Weekly Axis Of Easy #65
THE RULES: No searching up the answer, must be posted in the comments below.
The Prize: First person to post get their next domain or hosting renewal is on us.
- WPA3 is here: WIFI to be more secure
- British Airways mega data breach
- Millennials and small biz exiting Facebook in droves
- In Saudi Arabia “Information Crime” nets 5 years in prison, fines
- Google wants to get rid of the URL
- NSA blames technology for crime
- Integrate your domain with Ethereum Name Service
A couple of articles describe the next generation of WIFI security, WPA3. The next wave of implementation will also support two separate certification protocols which are not part of WPA3 per se: The Enhanced Open and Easy Connect protocols. WPA3 brings Simultaneous Authentication of Equals (SAE), which is a new method of authenticating a new device trying to connect to the network, it replaces Pre-Shared Key (PSK) method of key exchange which has been used since the advent of WPA2 in 2004.
British Airways disclosed late Friday that customers who booked travel through the ba.com website between August 21 and September 5th had their financial details, but not their travel or passport information, compromised. A spokesperson put the number at 380,000 transactions. Kudos on the fast disclosure, but under the new GDPR rules in Europe, the airline could potentially face fines of up to 4% of it’s global annual revenue. Wow.
Two separate articles here, same phenomenon: Facebook is facing headwinds. Maybe it started with the Cambridge Analytica scandal, or maybe people are just realizing independently that it’s an asymmetric relationship. A PEW research poll showed that a staggering 44% of millennials, people under the age of 30, have deleted the Facebook app from their mobile device, something we recommended everybody do several weeks ago. For millennials the effect must be compounded because for people under 30, mobile is mostly it. Desktops are in the same bucket as rotary telephones for those guys.
The other demographic that is turning away from Facebook are small businesses, who find themselves at the mercy of Facebook’s arbitrary changes to feeds impacting their reach, and it’s costing them real money. Why spend the time building up a Facebook following when Zuck can take it away on a whim? (Or Jack over at Twitter for that matter). That’s why it’s best to have all roads lead back to your own website on your own domain.
The Saudi office of Public Prosecution announced last week that anybody committing “an informational crime” that disturbs the public order will face prison terms up to 5 years and fines of 3 million riyals ($800,000 USD). Another example of why the UN put Saudi Arabia in charge of a panel on human rights. But hey, I heard it’s legal to bring females into restaurants now, so there’s that.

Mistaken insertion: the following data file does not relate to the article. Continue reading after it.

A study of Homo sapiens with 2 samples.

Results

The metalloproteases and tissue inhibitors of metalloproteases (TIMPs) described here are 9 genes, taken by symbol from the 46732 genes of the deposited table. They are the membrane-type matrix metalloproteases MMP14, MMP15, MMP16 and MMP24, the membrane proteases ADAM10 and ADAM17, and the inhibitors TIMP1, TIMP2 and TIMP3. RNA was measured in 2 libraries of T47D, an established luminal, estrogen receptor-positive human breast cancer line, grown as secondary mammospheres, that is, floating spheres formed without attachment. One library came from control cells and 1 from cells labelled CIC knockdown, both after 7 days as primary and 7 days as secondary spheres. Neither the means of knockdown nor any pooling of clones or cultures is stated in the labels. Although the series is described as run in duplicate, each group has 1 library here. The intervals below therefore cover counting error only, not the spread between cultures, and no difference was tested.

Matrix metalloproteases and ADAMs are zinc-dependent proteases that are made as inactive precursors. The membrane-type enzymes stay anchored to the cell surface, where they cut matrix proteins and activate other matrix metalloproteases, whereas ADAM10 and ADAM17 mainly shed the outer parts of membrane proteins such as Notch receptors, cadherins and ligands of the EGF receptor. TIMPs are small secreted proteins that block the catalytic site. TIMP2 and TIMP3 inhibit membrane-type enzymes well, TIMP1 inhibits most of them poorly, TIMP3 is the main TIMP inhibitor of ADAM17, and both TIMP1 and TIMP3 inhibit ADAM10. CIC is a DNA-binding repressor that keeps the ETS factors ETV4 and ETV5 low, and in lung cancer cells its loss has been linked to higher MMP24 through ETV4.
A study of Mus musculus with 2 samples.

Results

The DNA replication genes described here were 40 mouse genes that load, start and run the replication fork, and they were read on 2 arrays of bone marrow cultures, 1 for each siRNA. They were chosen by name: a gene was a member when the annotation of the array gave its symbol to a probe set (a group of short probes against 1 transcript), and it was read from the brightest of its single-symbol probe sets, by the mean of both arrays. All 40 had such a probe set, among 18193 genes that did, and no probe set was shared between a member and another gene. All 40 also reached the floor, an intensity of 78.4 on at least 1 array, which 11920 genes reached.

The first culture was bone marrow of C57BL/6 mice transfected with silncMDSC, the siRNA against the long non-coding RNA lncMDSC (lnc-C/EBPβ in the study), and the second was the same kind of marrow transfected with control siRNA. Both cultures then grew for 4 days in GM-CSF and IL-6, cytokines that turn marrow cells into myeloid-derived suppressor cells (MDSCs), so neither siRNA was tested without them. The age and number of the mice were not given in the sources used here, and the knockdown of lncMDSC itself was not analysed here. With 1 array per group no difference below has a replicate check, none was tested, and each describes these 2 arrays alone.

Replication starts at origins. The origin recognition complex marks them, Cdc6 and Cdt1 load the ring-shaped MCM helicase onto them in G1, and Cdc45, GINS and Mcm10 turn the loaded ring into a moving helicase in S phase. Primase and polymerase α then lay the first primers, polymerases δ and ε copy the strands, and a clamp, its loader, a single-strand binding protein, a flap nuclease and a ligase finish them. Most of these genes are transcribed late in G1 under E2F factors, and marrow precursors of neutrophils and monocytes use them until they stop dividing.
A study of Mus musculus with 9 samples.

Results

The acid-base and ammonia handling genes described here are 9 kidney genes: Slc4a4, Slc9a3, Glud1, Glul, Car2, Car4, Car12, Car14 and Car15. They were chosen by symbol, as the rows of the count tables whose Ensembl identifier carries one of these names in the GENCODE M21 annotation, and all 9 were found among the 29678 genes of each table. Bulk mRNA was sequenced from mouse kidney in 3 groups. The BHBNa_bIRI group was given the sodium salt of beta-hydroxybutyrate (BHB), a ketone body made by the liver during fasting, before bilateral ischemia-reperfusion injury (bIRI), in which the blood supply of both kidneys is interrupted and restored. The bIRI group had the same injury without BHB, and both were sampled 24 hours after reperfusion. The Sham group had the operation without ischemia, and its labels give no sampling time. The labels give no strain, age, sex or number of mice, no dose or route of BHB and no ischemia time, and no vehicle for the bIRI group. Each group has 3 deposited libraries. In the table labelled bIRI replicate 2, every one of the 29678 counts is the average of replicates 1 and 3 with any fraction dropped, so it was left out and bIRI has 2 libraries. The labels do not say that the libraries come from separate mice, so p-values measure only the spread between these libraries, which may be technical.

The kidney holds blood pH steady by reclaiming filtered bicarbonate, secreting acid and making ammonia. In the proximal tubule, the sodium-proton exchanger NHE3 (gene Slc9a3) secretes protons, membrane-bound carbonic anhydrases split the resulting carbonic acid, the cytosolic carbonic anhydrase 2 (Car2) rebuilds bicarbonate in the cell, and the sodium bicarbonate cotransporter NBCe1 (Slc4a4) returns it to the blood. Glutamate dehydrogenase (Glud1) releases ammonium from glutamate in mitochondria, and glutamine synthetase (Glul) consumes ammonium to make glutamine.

With Google Chrome turning 10 years old, the company wants “to move toward a place where web identity is understandable by everyone… But this will mean big changes in how and when Chrome displays URLs. We want to challenge how URLs should be displayed and question it as we’re figuring out the right way to convey identity”
I’m just waiting to find out what exactly that means. Do they want to get rid of the location bar? Or even supplant the underlying DNS system that scaffolds URLs? For now, Google isn’t elaborating on what they’re thinking.
(Also, something we wrote 10 years ago: How to explain URLs so anybody can understand them: https://easydns.com/blog/2008/10/28/how-to-explain-urls-so-anybody-can-understand-them/)
This scathing editorial by way of the Electronic Frontier Foundation calls the NSA out for mishandling their own collected data, lack of transparency and blaming it on technical failures, while simultaneously blaming technology for violations of federal law. The article hones in specifically on the NSA’s mass deletion of phone records which has prevented them from fully completing an annual transparency report to congress. While the article admits having the records deleted is probably a good thing, personally, I call b/s on that. It’s the NSA for cripes sake, they haven’t lost anything.
As announced last week, Ethereum Name Service (ENS) integration for .XYZ domain names is here. You can register a new .XYZ domain for the special price of $7.50 and use that name for your wallet or smart contract. MyEtherwallet, Metamask and many more systems support ENS addressing now.